What Are Make Up Air Units and How Do They Work?
Make up air units, or MUA as they are commonly referred to, play a vital role in your condominium.
The building MUA unit is generally located at the top of the building, either in the mechanical room or out on the roof.
The function of the MUA unit is in the initialism; make up air to the building that gets exhausted from kitchen, bathroom, and or dryer exhaust systems.
The building ventilation and the MUA system must work together to maintain the building pressure.
Too much MUA in a building and noise becomes a common complaint; too little MUA and complaints of smells in the hallways are more prevalent.
The MUA needs to ensure the hallways are pressurized, which helps keep cooking odors etc., localized to each suite.
One item that is often overlooked with MUA systems is the air balancing portion.
Over the years, it’s not uncommon to have tenants make adjustments to the hallway diffusers that have an adverse effect on the overall system.
The system should be checked and rebalanced every so often to ensure each floor receives the proper amount of air.
The airflow is measured in Cubic feet per Minute (CFM).
The total CFM of the MUA system is recorded and compared to the nameplate rating.
The balancing and adjusting of every hallway grill on each floor are carried out and recorded to ensure the proper airflow is delivered.
The majority of MUA systems temper the air in the winter to ensure icy cold air is not being delivered to the hallways.
Some MUA systems are designed to provide cooling in the summer as well.
One complaint I hear all the time is that the hallway temperatures don’t feel the same as my unit.
Hallways do not need to be kept at 23C (74F) in the wintertime.
20C (68F) is more than an adequate temperature; the hallways are not living spaces.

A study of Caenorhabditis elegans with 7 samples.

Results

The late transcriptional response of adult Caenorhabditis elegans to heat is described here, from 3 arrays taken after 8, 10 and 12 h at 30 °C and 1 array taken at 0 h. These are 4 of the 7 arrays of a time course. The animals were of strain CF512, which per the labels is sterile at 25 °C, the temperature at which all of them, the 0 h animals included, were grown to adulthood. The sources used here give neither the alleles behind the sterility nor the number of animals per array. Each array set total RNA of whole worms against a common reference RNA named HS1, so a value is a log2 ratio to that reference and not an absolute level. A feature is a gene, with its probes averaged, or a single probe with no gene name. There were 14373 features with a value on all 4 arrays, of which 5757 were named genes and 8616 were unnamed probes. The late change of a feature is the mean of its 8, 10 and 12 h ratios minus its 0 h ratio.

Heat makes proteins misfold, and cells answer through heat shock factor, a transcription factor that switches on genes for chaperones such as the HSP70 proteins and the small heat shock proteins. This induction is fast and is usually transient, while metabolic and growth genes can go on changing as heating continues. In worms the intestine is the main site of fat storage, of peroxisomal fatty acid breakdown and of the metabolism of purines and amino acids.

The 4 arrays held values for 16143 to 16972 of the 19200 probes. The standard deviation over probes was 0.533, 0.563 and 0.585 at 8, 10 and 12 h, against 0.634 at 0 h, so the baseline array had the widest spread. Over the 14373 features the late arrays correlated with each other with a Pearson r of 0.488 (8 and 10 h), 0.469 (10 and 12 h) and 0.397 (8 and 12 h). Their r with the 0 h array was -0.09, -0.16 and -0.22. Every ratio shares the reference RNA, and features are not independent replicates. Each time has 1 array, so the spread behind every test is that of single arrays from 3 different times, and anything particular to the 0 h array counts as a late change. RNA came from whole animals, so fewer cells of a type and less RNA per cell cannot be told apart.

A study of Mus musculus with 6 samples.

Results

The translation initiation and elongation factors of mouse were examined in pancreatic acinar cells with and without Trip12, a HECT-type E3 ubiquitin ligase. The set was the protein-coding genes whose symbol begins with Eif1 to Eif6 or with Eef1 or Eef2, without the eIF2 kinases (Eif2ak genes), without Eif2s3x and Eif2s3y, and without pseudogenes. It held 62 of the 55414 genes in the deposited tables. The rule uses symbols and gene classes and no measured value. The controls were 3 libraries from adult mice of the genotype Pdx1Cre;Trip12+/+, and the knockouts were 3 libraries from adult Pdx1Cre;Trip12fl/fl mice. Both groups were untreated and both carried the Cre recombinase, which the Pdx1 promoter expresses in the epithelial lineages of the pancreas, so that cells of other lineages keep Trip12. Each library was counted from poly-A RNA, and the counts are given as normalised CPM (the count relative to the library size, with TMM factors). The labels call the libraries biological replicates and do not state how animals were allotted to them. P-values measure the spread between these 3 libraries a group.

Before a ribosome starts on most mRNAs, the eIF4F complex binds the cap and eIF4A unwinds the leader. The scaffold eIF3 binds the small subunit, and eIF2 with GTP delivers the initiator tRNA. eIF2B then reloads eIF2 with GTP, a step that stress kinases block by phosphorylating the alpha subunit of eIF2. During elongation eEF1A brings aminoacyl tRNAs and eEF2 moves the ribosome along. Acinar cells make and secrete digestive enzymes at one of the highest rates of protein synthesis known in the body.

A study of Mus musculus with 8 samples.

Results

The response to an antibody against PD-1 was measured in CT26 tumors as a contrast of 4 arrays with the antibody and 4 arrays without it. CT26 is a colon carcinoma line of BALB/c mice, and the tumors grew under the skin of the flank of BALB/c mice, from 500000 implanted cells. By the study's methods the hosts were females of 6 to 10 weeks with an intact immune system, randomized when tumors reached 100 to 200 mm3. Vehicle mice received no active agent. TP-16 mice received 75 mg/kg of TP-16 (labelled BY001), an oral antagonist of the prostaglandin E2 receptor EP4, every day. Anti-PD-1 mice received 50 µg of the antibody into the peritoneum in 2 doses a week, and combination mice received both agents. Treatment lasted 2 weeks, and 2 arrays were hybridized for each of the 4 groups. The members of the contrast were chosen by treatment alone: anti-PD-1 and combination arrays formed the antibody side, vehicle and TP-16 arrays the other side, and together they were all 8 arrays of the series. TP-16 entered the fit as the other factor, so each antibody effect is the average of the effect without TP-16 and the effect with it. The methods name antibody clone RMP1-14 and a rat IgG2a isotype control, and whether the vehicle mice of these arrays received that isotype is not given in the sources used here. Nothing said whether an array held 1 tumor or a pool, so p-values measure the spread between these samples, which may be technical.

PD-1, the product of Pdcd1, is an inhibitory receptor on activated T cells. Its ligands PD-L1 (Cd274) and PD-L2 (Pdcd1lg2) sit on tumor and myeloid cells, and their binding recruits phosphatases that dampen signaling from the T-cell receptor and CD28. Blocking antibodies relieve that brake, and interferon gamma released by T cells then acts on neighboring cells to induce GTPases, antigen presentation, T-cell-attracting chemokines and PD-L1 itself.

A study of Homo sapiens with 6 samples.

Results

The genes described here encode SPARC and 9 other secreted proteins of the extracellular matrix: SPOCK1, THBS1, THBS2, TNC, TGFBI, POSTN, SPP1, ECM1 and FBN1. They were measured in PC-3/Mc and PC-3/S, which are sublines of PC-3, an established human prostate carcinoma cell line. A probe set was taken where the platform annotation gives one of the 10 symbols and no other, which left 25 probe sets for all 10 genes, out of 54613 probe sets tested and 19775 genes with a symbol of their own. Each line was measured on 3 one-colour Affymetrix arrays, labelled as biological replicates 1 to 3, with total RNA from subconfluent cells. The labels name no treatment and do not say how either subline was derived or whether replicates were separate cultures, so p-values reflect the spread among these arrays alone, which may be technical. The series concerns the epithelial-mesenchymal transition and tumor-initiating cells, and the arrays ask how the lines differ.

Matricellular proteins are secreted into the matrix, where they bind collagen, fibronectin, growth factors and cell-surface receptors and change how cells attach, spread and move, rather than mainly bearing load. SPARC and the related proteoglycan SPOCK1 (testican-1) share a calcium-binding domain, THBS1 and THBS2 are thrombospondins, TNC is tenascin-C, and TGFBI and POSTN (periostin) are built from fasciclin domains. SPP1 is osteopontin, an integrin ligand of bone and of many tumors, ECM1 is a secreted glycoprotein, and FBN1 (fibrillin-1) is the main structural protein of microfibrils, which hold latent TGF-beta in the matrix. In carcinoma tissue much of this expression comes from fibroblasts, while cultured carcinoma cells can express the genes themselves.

It is important to remember that the amount of gas required to heat up the outside air from -10C to a comfortable hallway temperature is very significant.
The difference between a house furnace and an MUA is that the MUA is always trying to heat outside air, -10C in this case, compared to a home furnace heating up the return air coming back around 20C.
Regular Preventative Maintenance
I can’t stress enough the importance of regular preventative maintenance.
The MUA filters, in many cases, may require changing every month.
If you only have Bi-monthly inspections, then every two months is adequate.
The MUA belts, motor, and components need to be inspected as well.
I find the inlet dampers on a lot of MUA units get neglected and should be lubricated twice a year.
As with any gas-fired appliance, a major inspection should be carried out on an annual basis where the major components, such as the burners, ventor motor, heat exchanger, etc., are thoroughly inspected.
This service should be scheduled for the summer.
Variable Frequency Drives
You have probably heard the term Variable Frequency Drives (VFD) a lot in the last 10 years.
These are devices that are installed on pieces of equipment to slow the operation of a motor or pump.
With respects to MUA units, a VFD drive can pay for itself in just a few years.
The function of the VFD on an MUA unit is to slow down the motor and deliver less air.
The VFD is typically set up on a timer to provide a percentage of the full CFM the building requires.
Certain times of the day require less make up air.
The peak demand for air will be first thing in the morning when residents are getting ready for work and after work when residents get home.
Laundry machines with dryers, showering, and cooking, for the most part, take place at these times of the day.
During the day and overnight, when residents are either at work or sleeping, there are typically not a lot of exhausting appliances operating.
When the airflow is reduced during these non-peak operating hours, there are significant gas savings.
When the MUA unit delivers less air, it means there is less air that needs to be heated, and when the outdoor air is at -10C, a tremendous amount of gas is consumed to reach our set point temperature.
As with any type of energy savings, there is a fine line that needs to be walked.
There are limits to the amount of air that can be reduced with respects to the overall building requirements and the MUA design specifications.
I always recommend consulting a professional to ensure these items are satisfied.
Here is an example and video tour of a direct fired make up air.
Check out the link to my YouTube channel for more tips, tricks, and troubleshooting videos, and check out The HVAC Know It All podcast here or on your favorite podcast app.